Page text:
Rockies fundamentally sharp from the start
Eric Young Jr. led off the Rockies’ Cactus League opener by establishing that he and the club will hustle. Young landed a soft hit in front of D-backs right fielder Justin Upton, and didn’t think twice about going for two bases. One weak throw later, and the Rockies were in business.
Then veteran Paul Lo Duca dropped a surprise bunt and beat pitcher Billy Buckner to first base.
The hustle and attention to detail continued until the Rockies had an 11-1 victory at Tucson Electric Park over a D-backs team that, well, looked like it needed some time to get sharp.
“We’ve been back there [at Hi Corbett Field] working on a lot of stuff, and I’m just really pleased,” Tracy said. “We did a lot of positive things that are related to what’s going on.”
With two out and two on in the third, Seth Smith doubled and Chris Iannetta singled with two strikes, and Ian Stewart and Jonathan Herrera added singles to complete a two-run inning. The Rockies were crisp defensively. On the bases, Stewart was picked off second bay D-backs catcher Miguel Montero when he strayed too far from the bag on a ball in the dirt. But that was a mistake by a player trying to be aggressive, so Tracy had no problem with that.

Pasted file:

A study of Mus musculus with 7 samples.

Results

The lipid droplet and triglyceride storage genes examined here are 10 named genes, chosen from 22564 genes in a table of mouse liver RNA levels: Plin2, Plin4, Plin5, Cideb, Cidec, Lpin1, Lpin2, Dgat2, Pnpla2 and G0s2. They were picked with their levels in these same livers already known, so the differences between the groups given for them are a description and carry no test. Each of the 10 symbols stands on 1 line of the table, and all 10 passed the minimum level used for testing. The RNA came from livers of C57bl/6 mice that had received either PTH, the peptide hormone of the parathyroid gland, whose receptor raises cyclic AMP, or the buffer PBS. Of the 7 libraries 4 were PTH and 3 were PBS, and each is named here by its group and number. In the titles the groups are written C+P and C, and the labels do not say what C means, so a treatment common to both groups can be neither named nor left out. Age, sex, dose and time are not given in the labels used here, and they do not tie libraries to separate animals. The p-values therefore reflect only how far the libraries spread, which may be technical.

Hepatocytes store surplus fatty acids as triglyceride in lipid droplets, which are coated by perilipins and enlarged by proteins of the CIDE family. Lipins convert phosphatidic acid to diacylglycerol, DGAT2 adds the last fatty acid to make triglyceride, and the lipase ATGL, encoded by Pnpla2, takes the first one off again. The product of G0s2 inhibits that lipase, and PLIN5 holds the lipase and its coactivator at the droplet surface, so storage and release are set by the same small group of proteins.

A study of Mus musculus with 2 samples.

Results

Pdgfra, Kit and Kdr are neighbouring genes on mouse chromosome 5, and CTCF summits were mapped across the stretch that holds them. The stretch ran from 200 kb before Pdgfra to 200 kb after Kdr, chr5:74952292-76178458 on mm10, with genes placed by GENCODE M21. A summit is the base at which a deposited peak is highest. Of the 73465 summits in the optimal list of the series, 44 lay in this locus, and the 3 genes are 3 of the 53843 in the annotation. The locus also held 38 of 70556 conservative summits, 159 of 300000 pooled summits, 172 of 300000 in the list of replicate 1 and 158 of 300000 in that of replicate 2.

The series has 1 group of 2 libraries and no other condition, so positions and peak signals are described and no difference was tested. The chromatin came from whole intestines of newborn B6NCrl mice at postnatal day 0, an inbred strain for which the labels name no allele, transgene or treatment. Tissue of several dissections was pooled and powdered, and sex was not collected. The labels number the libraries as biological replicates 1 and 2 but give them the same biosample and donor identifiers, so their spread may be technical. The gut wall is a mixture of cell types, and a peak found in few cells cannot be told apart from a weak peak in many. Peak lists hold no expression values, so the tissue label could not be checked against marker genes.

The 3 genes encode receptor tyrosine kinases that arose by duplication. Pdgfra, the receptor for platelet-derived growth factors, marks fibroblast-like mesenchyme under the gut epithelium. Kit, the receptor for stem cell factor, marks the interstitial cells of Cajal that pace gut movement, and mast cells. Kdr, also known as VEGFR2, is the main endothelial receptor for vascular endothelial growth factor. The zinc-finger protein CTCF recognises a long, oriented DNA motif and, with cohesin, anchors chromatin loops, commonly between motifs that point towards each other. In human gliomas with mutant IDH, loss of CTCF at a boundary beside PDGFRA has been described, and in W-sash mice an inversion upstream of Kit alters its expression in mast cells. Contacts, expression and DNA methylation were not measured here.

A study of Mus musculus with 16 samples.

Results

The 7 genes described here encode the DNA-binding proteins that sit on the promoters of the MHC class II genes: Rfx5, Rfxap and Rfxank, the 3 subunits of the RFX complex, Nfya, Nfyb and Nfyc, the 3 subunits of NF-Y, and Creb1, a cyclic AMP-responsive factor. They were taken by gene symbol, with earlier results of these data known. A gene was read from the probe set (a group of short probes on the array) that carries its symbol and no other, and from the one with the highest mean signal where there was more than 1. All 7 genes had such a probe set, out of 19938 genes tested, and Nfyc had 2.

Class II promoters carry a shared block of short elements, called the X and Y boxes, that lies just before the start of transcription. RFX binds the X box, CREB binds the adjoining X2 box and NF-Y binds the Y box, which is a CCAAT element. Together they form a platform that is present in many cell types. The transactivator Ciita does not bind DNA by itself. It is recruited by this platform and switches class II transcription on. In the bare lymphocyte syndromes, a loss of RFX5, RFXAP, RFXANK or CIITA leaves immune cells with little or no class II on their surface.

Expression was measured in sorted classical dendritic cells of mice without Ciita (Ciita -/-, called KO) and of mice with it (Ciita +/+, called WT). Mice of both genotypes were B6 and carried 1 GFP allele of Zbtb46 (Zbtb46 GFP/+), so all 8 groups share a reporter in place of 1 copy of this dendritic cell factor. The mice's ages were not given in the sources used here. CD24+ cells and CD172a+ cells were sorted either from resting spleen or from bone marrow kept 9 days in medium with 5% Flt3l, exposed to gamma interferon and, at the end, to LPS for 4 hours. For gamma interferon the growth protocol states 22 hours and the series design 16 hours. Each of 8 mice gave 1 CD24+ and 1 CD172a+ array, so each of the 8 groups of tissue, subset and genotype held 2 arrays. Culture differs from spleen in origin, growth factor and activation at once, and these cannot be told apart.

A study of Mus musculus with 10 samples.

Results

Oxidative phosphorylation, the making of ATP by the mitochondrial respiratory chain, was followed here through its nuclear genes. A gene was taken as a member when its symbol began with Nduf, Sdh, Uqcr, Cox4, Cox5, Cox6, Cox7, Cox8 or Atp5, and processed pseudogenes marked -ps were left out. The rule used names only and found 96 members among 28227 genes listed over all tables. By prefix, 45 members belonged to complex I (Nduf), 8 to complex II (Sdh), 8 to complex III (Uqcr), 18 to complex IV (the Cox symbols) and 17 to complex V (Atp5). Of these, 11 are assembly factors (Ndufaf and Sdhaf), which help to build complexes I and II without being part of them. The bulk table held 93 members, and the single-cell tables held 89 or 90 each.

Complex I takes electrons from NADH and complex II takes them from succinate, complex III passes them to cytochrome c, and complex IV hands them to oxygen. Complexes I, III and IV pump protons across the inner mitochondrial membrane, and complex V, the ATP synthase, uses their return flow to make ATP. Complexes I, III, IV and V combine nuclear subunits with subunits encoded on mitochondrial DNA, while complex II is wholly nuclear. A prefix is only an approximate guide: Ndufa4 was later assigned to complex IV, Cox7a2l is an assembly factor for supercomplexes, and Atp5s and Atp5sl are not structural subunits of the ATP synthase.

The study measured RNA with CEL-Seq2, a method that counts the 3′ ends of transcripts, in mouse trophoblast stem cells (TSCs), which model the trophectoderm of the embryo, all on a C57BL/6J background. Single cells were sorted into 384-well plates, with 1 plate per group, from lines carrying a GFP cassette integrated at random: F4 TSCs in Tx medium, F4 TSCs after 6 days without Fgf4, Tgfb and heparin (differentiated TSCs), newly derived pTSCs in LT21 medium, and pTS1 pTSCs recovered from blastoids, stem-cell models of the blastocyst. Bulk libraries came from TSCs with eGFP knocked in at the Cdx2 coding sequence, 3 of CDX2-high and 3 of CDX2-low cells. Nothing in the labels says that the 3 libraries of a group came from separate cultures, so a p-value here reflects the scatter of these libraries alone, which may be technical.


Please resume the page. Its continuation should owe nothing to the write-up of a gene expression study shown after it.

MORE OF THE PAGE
Tracy has said the result of every game of Spring Training is not important, but the intensity and the intelligence with which the Rockies played Thursday are required.
“It’s a Spring Training game, yes, and there are things that we’re looking to see, there are decisions that you make that you’re not going to make during the season because of things that you want to see,” Tracy said. “But you play the game the way you want to play the game from April 5 [Opening Day at Milwaukee] hopefully through the end of October.
“As I told them, we’re going to play every pitch of every game. And if we don’t do that, whoever it is, we’re going to talk about it.”
That’s where right-hander Jason Hammel comes in. In the bottom of the second, Brandon Allen tripled to right-center. The throw to third base bounced past Stewart, but Hammel wasn’t in position to back up the play. Luckily for Hammel and the Rockies, the ball stayed in play and Allen stayed at third.
Hammel’s gaffe didn’t escape the notice of Tracy, who smiled and said, “It’s already been taken care of.
Hammel got the message.
“You have to remember the little things to make big things happen, and unfortunately I didn’t do my part on one — backing up third base,” Hammel said, even though he wasn’t asked about it. “But that won’t happen again. I was snoozing on that one.”
Tracy said he will point out the rare mistakes with pitch selection during the game and keep emphasizing various points.